When does implantation happen?
Once sperm meets egg, that growing embryo needs to get settled in your womb, but how long does implantation take? Well, after an egg has been fertilized, it takes several days for it to travel from the fallopian tube to your uterus, according to WebMD. The embryo continues growing and dividing, but it ultimately needs a place to implant. And then you’re in business.
It can be anywhere between six and 12 days following conception, about a week or so after ovulation, according to the American Pregnancy Association. For one-third of women, it’s accompanied by light spotting, called implantation bleeding, which can be your earliest sign of pregnancy. The reason: When the fertilized egg implants in the uterine lining, it breaks small blood vessels. And the spotting tends to be a little heavier with a first pregnancy. So, if you see a small bit of pink or brown discharge, that lasts anywhere from a couple of hours to a few days, don’t panic. You may be pregnant!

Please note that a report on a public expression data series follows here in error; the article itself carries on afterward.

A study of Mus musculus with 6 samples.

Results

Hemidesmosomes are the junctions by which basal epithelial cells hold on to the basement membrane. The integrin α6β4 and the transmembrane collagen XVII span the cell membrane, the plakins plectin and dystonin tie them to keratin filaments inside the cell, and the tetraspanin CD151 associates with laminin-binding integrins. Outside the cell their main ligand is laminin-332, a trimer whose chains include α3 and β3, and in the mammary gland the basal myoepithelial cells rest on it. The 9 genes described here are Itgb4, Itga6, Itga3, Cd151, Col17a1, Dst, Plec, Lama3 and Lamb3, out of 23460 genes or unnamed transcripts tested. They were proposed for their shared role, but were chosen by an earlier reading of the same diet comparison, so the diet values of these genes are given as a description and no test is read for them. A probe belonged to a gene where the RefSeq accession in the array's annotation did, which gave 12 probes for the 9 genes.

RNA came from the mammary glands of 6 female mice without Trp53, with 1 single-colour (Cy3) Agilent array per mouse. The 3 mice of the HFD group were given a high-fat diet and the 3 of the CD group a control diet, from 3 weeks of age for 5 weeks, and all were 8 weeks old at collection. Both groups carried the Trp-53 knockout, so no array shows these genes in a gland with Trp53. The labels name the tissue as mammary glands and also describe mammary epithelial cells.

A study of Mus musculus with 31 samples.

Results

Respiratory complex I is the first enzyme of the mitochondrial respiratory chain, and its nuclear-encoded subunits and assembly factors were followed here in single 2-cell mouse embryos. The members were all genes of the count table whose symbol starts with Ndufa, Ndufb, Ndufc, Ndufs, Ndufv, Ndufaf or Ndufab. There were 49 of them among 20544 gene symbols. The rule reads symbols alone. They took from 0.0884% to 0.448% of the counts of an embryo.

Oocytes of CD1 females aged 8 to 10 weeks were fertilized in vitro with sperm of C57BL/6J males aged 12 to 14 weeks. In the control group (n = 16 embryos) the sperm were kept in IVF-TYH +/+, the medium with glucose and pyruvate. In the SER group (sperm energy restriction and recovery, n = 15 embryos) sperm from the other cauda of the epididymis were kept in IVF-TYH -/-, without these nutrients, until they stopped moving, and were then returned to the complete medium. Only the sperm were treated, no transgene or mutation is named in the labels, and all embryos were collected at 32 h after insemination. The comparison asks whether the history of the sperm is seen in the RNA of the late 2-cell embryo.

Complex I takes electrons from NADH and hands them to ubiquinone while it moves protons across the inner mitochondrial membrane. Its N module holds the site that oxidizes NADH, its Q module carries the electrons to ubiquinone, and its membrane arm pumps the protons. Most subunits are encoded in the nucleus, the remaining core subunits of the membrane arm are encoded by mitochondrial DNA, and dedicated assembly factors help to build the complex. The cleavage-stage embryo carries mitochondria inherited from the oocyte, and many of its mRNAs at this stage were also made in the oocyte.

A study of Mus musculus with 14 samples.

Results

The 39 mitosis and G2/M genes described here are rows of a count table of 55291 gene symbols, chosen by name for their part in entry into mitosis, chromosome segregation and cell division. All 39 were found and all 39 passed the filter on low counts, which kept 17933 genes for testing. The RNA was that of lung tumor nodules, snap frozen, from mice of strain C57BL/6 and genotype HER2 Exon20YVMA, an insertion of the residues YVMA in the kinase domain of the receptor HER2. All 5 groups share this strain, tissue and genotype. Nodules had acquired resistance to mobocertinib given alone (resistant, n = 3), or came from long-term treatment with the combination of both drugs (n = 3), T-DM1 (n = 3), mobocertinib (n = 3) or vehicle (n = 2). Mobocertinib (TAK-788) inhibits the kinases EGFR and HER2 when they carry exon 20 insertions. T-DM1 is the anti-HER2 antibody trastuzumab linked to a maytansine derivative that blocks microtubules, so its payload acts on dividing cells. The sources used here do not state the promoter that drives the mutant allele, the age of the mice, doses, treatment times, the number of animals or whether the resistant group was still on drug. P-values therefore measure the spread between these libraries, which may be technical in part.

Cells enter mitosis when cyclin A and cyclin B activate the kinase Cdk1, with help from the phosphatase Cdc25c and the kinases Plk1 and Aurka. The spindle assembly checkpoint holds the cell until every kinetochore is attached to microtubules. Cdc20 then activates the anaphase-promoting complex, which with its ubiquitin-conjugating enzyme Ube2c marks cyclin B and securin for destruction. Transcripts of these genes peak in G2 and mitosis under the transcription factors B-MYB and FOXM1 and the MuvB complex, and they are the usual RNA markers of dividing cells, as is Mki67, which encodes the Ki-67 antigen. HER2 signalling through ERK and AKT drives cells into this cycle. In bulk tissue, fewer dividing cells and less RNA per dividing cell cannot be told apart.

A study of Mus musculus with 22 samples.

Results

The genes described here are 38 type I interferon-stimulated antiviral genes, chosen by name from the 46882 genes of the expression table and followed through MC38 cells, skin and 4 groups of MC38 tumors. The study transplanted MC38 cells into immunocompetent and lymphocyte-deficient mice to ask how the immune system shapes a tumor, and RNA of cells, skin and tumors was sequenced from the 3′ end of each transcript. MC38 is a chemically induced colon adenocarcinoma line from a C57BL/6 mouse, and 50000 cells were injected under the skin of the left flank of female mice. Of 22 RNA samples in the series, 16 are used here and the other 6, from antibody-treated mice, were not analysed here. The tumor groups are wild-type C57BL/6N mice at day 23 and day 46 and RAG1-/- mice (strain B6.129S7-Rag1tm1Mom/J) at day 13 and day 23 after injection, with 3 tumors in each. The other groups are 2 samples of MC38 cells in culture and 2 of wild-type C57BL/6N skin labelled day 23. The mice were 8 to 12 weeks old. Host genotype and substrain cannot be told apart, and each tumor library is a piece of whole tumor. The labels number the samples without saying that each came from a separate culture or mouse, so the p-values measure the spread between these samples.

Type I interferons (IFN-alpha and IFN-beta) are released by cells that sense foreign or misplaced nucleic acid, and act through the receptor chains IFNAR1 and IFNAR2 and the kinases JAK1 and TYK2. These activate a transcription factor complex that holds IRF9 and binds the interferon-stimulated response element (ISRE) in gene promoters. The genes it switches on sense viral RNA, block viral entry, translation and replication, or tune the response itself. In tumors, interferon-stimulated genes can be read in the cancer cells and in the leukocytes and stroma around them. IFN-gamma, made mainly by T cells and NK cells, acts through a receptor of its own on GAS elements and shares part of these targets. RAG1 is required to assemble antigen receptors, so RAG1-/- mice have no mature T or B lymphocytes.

Signs of implantation
When you’re TTC, you tend to tune into every teeny-tiny change in your body. So during implantation, you may notice a few subtle accompanying implantation symptoms. You may have some light cramping, headaches and mood swings as your hormones surge. If you have heavy bleeding though, and it’s accompanied by fever, chills or worsening cramps, you’ll want to call your doctor ASAP. It may indicate a more serious condition, like an ectopic pregnancy.
While these early pregnancy symptoms may have you eager to take a pregnancy test, you’ll want to hold off for another week or two. For a more accurate result, it’s recommended that you wait until the week following your missed period. You wouldn’t want to get a disappointing negative, only to later find out you did in fact have a bun in the oven.